Choosing a Color Scheme for Your Beach House Décor

Though they say a rose by any other name would smell as sweet, coastal colors on any other coast would not look the same. When you're choosing to decorate your home in seaside décor, the most important thing is to pick a color scheme. But, which one? Many people are not even aware that there is more than one coastal décor color scheme. Though there are actually dozens of coastal color schemes, here we will look at some of the most common. 

East Coast North

East Coast north refers to areas like New England. When you're decorating your home in a beach theme New England style, then you should focus on the gray color scheme. That's not to say everything is gray, but that everything has been mixed with a little tiny bit of gray, even the reds and the blues. Weathered wood with a white finish is a common New England beach theme color scheme finish. 

East Coast South

As you get closer to Florida, you enter what is known as the ‘subtropics’. The subtropics actually have a color scheme all their own. There's much less gray in the subtropics and it is replaced by more vibrant blues, coral pinks, and seafoam greens. Whitewashing was common in the South, so a light white wash over gray weathered wood is considered appropriate.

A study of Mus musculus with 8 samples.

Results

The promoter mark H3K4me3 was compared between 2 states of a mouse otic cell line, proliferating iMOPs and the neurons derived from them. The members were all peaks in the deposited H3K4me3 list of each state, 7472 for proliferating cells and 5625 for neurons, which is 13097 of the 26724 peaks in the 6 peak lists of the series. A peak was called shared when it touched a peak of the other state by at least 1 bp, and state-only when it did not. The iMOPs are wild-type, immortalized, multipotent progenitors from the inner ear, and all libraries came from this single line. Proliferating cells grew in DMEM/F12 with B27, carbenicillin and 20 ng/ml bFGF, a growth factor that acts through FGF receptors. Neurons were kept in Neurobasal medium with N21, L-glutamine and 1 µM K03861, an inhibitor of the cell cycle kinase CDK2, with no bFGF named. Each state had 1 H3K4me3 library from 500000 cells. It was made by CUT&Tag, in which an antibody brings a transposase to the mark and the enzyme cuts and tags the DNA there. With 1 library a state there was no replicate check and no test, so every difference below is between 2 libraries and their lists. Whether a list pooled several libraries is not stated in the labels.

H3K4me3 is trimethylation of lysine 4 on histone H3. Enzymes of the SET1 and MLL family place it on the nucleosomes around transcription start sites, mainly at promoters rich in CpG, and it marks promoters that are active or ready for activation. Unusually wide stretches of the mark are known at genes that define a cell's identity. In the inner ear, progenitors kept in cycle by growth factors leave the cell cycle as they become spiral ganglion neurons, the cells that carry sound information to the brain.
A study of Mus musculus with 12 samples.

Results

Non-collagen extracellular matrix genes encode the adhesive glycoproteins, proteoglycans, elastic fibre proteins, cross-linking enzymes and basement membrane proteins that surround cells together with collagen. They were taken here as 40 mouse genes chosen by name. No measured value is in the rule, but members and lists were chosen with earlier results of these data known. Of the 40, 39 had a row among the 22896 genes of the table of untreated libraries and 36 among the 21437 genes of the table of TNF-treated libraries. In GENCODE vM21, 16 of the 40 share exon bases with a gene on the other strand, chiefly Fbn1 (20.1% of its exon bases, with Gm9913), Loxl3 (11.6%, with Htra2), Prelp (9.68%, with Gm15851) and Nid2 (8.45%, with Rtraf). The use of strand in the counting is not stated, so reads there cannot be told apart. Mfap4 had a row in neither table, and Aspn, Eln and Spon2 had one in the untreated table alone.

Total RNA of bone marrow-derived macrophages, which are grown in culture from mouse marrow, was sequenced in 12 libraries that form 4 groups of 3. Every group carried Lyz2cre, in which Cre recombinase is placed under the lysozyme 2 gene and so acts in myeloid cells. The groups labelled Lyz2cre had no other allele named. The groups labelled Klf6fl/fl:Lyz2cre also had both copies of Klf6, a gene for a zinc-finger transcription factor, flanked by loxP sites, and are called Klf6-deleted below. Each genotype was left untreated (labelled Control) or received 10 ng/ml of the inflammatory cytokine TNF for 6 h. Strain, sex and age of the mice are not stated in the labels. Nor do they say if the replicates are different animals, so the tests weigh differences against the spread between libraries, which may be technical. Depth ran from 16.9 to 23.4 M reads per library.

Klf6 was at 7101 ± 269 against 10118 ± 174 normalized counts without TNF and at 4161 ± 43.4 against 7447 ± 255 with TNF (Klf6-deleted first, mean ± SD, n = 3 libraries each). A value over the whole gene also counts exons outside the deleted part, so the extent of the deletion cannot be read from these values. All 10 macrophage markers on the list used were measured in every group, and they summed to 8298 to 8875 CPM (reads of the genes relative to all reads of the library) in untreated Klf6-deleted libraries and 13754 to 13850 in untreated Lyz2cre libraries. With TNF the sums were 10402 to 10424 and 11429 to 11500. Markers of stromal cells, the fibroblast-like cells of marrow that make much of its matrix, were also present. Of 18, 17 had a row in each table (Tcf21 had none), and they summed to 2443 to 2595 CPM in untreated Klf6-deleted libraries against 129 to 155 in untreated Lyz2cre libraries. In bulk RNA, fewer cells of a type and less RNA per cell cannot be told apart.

When you enter the Caribbean and points more South with your beach theme color scheme, then you have officially entered the tropics. The beach closest to the equator has an entirely different beach theme color scheme and feel. The sand here is like fine powdered sugar, the ocean is a deep turquoise. Whitewashing was never very common in the tropics, but exotic woods like teak or mahogany were popular with the upper classes. Aged exotic woods and dazzlingly bright colors look great in this beach theme color scheme. 

West Coast

California and other points on the West Coast enjoy some of the most unusual color schemes of any seaside décor color scheme. Not only does California often use the color scheme of the tropics, their colors have ‘desert sand’ undertones just as East Coast north has a gray undertone. The wood on the West Coast is often gray and weathered, no whitewashing, and is most often not tropical wood. 

Overall, the thing to remember about the color schemes of different coastal regions is that the closer you get to the equator, the brighter and more vibrant the color scheme becomes. You'll notice we did not talk much about African or European beaches here, but they do have a color scheme all their own, and it's beautiful too.